Al Sommer, MD
Alfred Sommer, MD, MHS '73, is professor of Epidemiology, International Health, and (at the School of Medicine) Ophthalmology. He was dean of the Johns Hopkins Bloomberg School of Public Health from 1990-2005. His research interests include outcomes assessment, child survival, epidemiology of visual disorders, glaucoma, vitamin A deficiency, blindness prevention strategies, cost-benefit analysis, the growing interface between medicine and public health, and clinical guidelines.
His long-term, continuing research involves the cause, magnitude, consequences, and control of vitamin A deficiency and, most recently, those of related micronutrients. In a series of complex intervention trials Sommer conducted in Indonesia (1976-1980), he and his research team discovered that vitamin A deficiency was far more common than previously recognized, and that even mild vitamin A deficiency dramatically increases childhood mortality rates, primarily because this deficiency reduces resistance to infectious diseases such as measles and diarrhea. Parallel studies Sommer organized with colleagues in Africa demonstrated that most cases of measles-associated pediatric blindness were also related to low vitamin A levels.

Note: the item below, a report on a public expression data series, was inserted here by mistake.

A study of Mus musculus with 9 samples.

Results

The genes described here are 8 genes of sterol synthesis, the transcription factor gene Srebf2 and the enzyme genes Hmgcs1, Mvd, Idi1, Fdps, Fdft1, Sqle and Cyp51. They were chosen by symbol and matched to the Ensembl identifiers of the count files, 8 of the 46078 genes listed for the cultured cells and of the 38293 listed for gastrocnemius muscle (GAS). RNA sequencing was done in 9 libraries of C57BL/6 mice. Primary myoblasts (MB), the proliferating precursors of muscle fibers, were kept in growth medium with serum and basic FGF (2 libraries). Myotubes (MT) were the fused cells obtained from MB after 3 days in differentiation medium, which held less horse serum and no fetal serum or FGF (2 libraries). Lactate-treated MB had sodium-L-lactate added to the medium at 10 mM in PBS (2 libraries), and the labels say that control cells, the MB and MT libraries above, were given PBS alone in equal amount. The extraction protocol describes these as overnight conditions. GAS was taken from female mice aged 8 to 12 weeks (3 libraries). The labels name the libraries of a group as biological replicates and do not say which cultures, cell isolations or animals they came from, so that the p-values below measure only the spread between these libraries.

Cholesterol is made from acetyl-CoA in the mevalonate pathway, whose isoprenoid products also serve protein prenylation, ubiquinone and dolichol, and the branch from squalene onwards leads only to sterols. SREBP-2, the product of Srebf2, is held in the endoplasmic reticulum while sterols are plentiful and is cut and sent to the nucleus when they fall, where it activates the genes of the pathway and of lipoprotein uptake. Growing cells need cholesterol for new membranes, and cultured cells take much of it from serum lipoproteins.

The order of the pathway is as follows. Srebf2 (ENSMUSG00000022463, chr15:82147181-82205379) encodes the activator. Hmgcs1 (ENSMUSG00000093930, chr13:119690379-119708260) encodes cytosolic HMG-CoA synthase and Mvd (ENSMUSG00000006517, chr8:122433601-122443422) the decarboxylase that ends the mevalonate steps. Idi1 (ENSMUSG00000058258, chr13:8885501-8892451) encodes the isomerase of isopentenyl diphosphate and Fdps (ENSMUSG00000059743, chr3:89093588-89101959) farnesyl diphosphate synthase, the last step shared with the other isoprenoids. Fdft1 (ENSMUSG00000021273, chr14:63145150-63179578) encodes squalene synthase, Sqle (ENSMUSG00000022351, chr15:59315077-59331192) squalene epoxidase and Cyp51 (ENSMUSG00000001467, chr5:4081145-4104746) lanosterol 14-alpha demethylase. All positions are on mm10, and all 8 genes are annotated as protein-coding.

To prove these observations definitively, Sommer and his colleagues ran a number of large-scale, community-based, randomized trials from 1983 through 1992 and demonstrated the link between even mild vitamin A deficiency and pediatric mortality.
Moving from science to practice, Sommer next showed that the debilitating consequences of vitamin A deficiency could be effectively, quickly, and cheaply treated with oral high-dose vitamin A supplementation, and treatment did not require a sterile injectable preparation. As a result, the World Development Report (World Bank) declared vitamin A supplementation one of the most cost-effective of all health interventions.
The latest research by Dr. Sommer and his colleagues has shown that supplementing Nepalese women of childbearing age with vitamin A or beta-carotene can reduce maternal mortality by an average of 45 percent, and newborn vitamin A supplementation can reduce neonatal mortality by 20 percent.